Identifying the Rebel


In my last blog I discussed the danger of going our own way, and how we need to recognize the propensity for evil that is in all of us. Dr. Bob Jones, Sr. used to say, “Any sin any sinner ever committed, every sinner under proper provocation could commit.” But today I want to talk about your kids. As a dad, you need to recognize not only your own proneness to sin but that of your children. No matter how compliant the child, or how wonderful they seem to be, they possess this same sinful bent to go their own way.

You can help your children grow spiritually by understanding their own personal bent and by teaching them to recognize it in themselves.

Most parents understand that every child is different and do not have the same desires. James tells us that we are led into sin by our “own lusts.” (James 1:14) Because desires are unique to each person, the way their sinful nature manifests itself will also be different. You can help your children grow spiritually by understanding their own personal bent and by teaching them to recognize it in themselves. There are three common ways the rebel in your child will present itself.*

1. The Confrontational Rebel

This is the child prone to defiance. He or she may lie, steal, or cheat to get his or her own way. It’s the same attitude of the prodigal in Luke 15 who, driven by his selfishness, wanted what was coming to him and left home to do his own thing. The confrontational rebel will often engage in self-destructive behavior such as taking illicit drugs or abusing alcohol. They have little respect for parental authority.

In addition to God’s gracious discipline, this child needs a father who loves unconditionally and who lives a consistent Christian life. He must not compromise but maintain biblical standards for the home. Inconsistency and compromise will only further tear down this rebel’s respect for parental authority.

2. The Compliant Rebel

This rebel will comply with authority because it gets him what he wants: recognition, status, or more freedom. At times this rebel may reluctantly obey but will eventually comply because he's calculated the payoff and believe it will best serve his own selfish desires. This rebel loves the attention that comes from being good and the reputation of being known as a good kid. These young Pharisees love the praise of men more than the praise of God.

C.S. Lewis reminds us that, “if you are a nice person—if virtue comes easily for you—beware! If you mistake for your own merits what are really God’s gifts to you through nature, and if you are contented with simply being nice, you are still a rebel: and all those gifts will only make your fall more terrible, your corruption more complicated, your bad example more disastrous. The Devil was an archangel once; his natural gifts were as far above yours as yours are above a chimpanzee."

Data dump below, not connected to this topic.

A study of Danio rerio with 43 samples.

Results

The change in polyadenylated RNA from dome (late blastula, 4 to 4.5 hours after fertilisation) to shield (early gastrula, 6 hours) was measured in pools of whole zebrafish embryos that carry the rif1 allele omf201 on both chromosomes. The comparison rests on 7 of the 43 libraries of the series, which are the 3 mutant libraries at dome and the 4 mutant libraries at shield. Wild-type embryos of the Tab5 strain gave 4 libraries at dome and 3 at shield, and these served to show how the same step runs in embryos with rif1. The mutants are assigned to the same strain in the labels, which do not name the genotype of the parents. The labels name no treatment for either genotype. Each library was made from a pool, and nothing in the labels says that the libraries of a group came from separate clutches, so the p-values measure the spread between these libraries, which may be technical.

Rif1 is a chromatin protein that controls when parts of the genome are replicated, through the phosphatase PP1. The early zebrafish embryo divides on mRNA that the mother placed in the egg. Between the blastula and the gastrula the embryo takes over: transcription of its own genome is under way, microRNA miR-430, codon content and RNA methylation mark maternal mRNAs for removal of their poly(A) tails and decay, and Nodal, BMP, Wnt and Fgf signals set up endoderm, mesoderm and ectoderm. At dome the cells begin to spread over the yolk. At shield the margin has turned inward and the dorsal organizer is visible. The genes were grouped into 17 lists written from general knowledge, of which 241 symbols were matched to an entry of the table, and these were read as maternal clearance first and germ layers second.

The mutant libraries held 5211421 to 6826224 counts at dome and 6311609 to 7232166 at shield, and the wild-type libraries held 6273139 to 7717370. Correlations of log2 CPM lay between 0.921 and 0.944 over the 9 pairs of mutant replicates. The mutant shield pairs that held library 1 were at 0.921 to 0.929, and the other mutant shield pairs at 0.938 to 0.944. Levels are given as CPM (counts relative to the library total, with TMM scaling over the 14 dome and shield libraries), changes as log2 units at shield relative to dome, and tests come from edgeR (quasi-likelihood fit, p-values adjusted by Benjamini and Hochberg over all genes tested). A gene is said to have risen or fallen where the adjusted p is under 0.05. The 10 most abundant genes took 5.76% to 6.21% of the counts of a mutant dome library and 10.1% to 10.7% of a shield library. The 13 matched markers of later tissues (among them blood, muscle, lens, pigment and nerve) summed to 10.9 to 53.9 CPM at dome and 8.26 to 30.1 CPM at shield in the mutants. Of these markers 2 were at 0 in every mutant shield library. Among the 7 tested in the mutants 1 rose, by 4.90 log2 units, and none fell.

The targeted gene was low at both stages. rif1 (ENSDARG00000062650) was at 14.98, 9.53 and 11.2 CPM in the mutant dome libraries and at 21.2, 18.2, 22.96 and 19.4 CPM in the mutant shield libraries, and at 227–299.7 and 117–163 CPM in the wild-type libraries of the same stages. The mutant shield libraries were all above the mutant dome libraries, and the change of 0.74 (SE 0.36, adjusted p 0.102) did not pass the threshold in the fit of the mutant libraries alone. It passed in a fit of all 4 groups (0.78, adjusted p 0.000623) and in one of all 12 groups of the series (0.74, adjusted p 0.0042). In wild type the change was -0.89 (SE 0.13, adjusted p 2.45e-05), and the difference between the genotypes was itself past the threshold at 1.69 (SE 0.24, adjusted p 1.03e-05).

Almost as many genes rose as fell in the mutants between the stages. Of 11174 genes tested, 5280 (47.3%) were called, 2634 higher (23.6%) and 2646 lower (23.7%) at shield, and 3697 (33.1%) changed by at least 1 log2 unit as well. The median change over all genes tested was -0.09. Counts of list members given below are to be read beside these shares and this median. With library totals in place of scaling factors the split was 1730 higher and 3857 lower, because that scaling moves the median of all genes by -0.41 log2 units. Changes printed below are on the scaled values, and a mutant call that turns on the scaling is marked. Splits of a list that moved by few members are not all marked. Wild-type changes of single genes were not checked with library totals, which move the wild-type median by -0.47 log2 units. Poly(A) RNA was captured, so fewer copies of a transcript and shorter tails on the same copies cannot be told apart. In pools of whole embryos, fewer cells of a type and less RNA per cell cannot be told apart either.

Spotting this rebel requires spiritual discernment and a commitment to carefully communicate the dangers of our going their own way. Teach them that Christianity is a religion of the heart transformed by grace. This rebel needs a dad who is willing to invest the time to really get to know their heart.

3. The Careless Rebel

If you have a child that “forgets” to obey, or professes he or she “didn’t know” to obey, or perhaps delays to obey, you have a careless rebel in your home. This is the kid who lives by excuses. They love to play the victim card, are lazy, and often keep themselves isolated. They are adept at rationalizing their disobedience.

King Saul exemplified this kind of rebel when he tried to pass the blame for his disobedience on the people (see 1 Samuel 15). Like Saul, the careless rebel is all about himself. The prophet Samuel paid no heed to his excuses and held him accountable, which is exactly what the parent of such a child should do.

I’m not saying every child will manifest rebellion--only that the potential is there. Your child may already recognize the evil in his or her heart. Hopefully they daily rely on the Holy Spirit in seeking to do God’s will and not their own. If you are blessed with such a child, be grateful and avoid taking any credit for it because that in itself is the way of the flesh.

*Much of this material comes from class notes I took under Dr. Jim Berg, who is Dean of Biblical Studies at Bob Jones University. Jim is a certified biblical counselor with the Association of Biblical Counselors and with the Association of Certified Biblical Counselors. He holds an addiction specialization with ACBC and is a Commissioned Addiction Biblical Counselor under The Addiction Connection. He is also a council member with the Biblical Counseling Coalition (BCC).

Three common ways the rebel in your child will present itself, what to look for and how to guide them.